Monday, March 26, 2012

Clyde Barrow

Clyde Chestnut Barrow was born in Ellis County, Texas, near Telico, a town just south of Dallas. He was the fifth of seven children of Henry Basil Barrow (1874–1957) and Cumie T. Walker (1874–1943), a desperately poor farming family that emigrated, piecemeal, to Dallas in the early 1920s as part of a wave of resettlement from the impoverished nearby farms to the impoverished urban slum known as West Dallas. It was a place of flimsy shanties and tent cities, piles of garbage and teeming open sewers, swarming insects and rampaging epidemics. The Barrows had neither shanty nor tent: they spent their first months living under their wagon. When father Henry had earned enough money to buy a tent, it was a major step up for the family.
Clyde was first arrested in late 1926, after running when police confronted him over a rental car he had failed to return on time. His second arrest, with brother Marvin "Buck" Barrow, came soon after, this time for possession of stolen goods (turkeys). Despite having legitimate jobs during the period 1927 through 1929, he also cracked safes, robbed stores, and stole cars. After sequential arrests in 1928 and 1929, his luck ran out and he was sent to Eastham Prison Farm in April 1930. While in prison, he was sexually assaulted repeatedly for over a year by a dominant inmate, whose skull he eventually fractured with a length of pipe. It was Clyde Barrow's first killing.
Paroled in February 1932, Barrow emerged from Eastham a hardened and bitter criminal. His sister Nell remembered a conversation with sister Marie about the new parolee: "There's a new air about him—a funny sort of something I can't put my finger on.... I'm afraid he's not going to go straight." Marie was blunter: "Something awful sure must have happened to him in prison, because he wasn't the same person when he got out." Associate Ralph Fults was there, inside "The Walls" with Barrow, and said he watched him "change from a schoolboy to a rattlesnake."
In his post-Eastham career, he focused on smaller jobs, robbing grocery stores and gas stations, at a rate far outpacing the mere ten to fifteen bank robberies attributed to him and the Barrow Gang. Barrow's favored weapon was the M1918 Browning Automatic Rifle (called a BAR). According to John Neal Phillips, Barrow's goal in life was not to gain fame or fortune from robbing banks, but to seek revenge against the Texas prison system for the abuses he suffered while serving time.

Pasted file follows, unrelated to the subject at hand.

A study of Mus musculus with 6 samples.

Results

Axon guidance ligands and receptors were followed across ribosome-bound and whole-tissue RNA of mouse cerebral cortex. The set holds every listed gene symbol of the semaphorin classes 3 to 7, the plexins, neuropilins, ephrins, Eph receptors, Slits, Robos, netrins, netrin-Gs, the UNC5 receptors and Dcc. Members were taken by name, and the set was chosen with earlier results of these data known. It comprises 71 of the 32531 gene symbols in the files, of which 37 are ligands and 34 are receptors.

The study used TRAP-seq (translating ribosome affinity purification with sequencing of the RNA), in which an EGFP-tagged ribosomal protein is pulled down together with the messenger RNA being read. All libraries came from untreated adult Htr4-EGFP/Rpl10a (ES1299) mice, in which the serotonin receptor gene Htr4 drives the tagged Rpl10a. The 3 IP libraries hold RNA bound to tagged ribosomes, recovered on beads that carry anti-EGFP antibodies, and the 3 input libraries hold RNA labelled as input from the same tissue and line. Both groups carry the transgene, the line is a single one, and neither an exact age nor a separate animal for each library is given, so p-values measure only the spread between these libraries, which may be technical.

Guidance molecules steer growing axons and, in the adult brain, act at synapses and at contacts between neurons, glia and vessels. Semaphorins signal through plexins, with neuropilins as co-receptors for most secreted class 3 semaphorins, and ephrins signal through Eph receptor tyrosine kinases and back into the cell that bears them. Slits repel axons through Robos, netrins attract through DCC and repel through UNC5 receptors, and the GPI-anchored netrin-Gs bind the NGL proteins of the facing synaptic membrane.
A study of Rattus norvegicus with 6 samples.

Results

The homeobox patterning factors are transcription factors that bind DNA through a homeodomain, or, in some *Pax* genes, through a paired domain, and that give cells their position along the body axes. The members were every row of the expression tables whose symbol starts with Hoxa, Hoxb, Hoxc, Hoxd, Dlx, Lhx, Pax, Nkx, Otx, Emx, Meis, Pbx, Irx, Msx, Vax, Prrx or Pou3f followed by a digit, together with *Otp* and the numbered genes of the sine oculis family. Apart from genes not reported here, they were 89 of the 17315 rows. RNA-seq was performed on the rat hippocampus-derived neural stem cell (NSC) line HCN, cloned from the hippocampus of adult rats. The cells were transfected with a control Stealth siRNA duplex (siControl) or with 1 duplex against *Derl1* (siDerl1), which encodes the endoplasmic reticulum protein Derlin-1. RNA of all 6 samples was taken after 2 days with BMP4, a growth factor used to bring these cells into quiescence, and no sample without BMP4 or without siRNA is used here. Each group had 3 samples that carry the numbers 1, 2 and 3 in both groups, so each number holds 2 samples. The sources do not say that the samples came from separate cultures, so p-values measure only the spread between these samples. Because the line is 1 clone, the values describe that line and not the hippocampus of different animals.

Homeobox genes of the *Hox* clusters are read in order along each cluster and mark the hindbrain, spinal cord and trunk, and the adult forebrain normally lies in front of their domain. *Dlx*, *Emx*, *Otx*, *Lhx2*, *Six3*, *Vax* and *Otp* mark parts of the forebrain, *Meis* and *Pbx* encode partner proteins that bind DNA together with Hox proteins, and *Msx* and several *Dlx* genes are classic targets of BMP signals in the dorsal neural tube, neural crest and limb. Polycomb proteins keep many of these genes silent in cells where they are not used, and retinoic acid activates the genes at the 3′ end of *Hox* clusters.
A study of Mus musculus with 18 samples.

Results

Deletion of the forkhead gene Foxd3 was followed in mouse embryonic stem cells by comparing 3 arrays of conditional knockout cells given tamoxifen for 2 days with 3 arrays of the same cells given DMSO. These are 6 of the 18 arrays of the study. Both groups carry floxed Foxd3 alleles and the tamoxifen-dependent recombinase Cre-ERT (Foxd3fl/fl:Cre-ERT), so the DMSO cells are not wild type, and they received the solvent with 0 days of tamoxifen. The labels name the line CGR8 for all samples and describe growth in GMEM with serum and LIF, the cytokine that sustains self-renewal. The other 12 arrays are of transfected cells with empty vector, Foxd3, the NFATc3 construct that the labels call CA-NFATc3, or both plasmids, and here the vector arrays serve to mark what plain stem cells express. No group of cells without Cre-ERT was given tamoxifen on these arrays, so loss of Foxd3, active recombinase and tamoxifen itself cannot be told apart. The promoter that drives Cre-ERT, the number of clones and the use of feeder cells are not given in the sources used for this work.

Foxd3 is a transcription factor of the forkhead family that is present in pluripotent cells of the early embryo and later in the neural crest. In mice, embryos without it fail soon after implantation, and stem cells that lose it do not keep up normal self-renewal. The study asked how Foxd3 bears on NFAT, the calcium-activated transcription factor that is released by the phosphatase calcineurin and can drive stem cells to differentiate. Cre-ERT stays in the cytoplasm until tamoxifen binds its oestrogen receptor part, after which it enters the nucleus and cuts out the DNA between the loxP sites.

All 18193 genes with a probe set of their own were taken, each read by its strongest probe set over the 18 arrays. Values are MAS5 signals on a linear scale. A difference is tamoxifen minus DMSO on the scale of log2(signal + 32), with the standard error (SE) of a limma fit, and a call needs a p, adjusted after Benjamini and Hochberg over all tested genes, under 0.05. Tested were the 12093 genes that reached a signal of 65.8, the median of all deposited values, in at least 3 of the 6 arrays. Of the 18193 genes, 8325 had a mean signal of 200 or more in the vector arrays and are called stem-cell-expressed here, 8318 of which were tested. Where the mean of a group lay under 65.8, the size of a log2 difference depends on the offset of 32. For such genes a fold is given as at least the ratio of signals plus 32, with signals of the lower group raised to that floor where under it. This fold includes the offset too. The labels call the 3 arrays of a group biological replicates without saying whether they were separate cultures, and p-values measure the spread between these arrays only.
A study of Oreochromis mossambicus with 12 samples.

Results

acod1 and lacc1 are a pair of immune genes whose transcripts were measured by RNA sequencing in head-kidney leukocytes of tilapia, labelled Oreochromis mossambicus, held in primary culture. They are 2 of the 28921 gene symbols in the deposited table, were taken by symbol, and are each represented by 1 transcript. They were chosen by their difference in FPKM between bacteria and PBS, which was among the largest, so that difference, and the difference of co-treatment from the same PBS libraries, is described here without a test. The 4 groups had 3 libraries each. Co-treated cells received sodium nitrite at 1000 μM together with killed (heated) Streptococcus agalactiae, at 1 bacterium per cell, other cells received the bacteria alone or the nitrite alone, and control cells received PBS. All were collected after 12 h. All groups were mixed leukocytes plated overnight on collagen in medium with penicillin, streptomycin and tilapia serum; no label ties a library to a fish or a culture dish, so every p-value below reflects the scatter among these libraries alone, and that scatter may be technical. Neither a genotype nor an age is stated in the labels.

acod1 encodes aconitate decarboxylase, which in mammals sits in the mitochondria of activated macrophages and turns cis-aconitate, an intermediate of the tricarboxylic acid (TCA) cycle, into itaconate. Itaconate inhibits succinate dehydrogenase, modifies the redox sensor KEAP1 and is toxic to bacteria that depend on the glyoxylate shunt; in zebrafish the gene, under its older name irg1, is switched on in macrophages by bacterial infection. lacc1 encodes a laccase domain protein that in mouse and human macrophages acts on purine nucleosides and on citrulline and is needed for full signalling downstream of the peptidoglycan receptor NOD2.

Bonnie Elizabeth Parker (October 1, 1910 – May 23, 1934) and Clyde Chestnut Barrow (March 24, 1909 – May 23, 1934) were well-known outlaws, robbers, and criminals who traveled the Central United States with their gang during the Great Depression. Their exploits captured the attention of the American public during the "public enemy era" between 1931 and 1934. Though known today for his dozen-or-so bank robberies, Barrow in fact preferred to rob small stores or rural gas stations. The gang is believed to have killed at least nine police officers and committed several civilian murders. The couple themselves were eventually ambushed and killed in Louisiana by law officers. Their reputation was cemented in American pop folklore by Arthur Penn's 1967 film Bonnie and Clyde.
Even during their lifetimes, the couple's depiction in the press was at considerable odds with the hardscrabble reality of their life on the road—particularly in the case of Parker. Though she was present at a hundred or more felonies during her two years as Barrow's companion, she was not the machine gun-wielding cartoon killer portrayed in the newspapers, newsreels, and pulp detective magazines of the day. Gang member W. D. Jones was unsure whether he had ever seen her fire at officers. Parker's reputation as a cigar-smoking gun moll grew out of a playful snapshot found by police at an abandoned hideout, released to the press, and published nationwide; while she did chain-smoke Camel cigarettes, she was not a cigar smoker.
Author-historian Jeff Guinn explains that it was the release of these very photos that put the outlaws on the media map and launched their legend: "John Dillinger had matinee-idol good looks and Pretty Boy Floyd had the best possible nickname, but the Joplin photos introduced new criminal superstars with the most titillating trademark of all—illicit sex. Clyde Barrow and Bonnie Parker were young and unmarried. They undoubtedly slept together—after all, the girl smoked cigars... Without Bonnie, the media outside Texas might have dismissed Clyde as a gun-toting punk, if it ever considered him at all. With her sassy photographs, Bonnie supplied the sex-appeal, the oomph, that allowed the two of them to transcend the small-scale thefts and needless killings that actually comprised their criminal careers."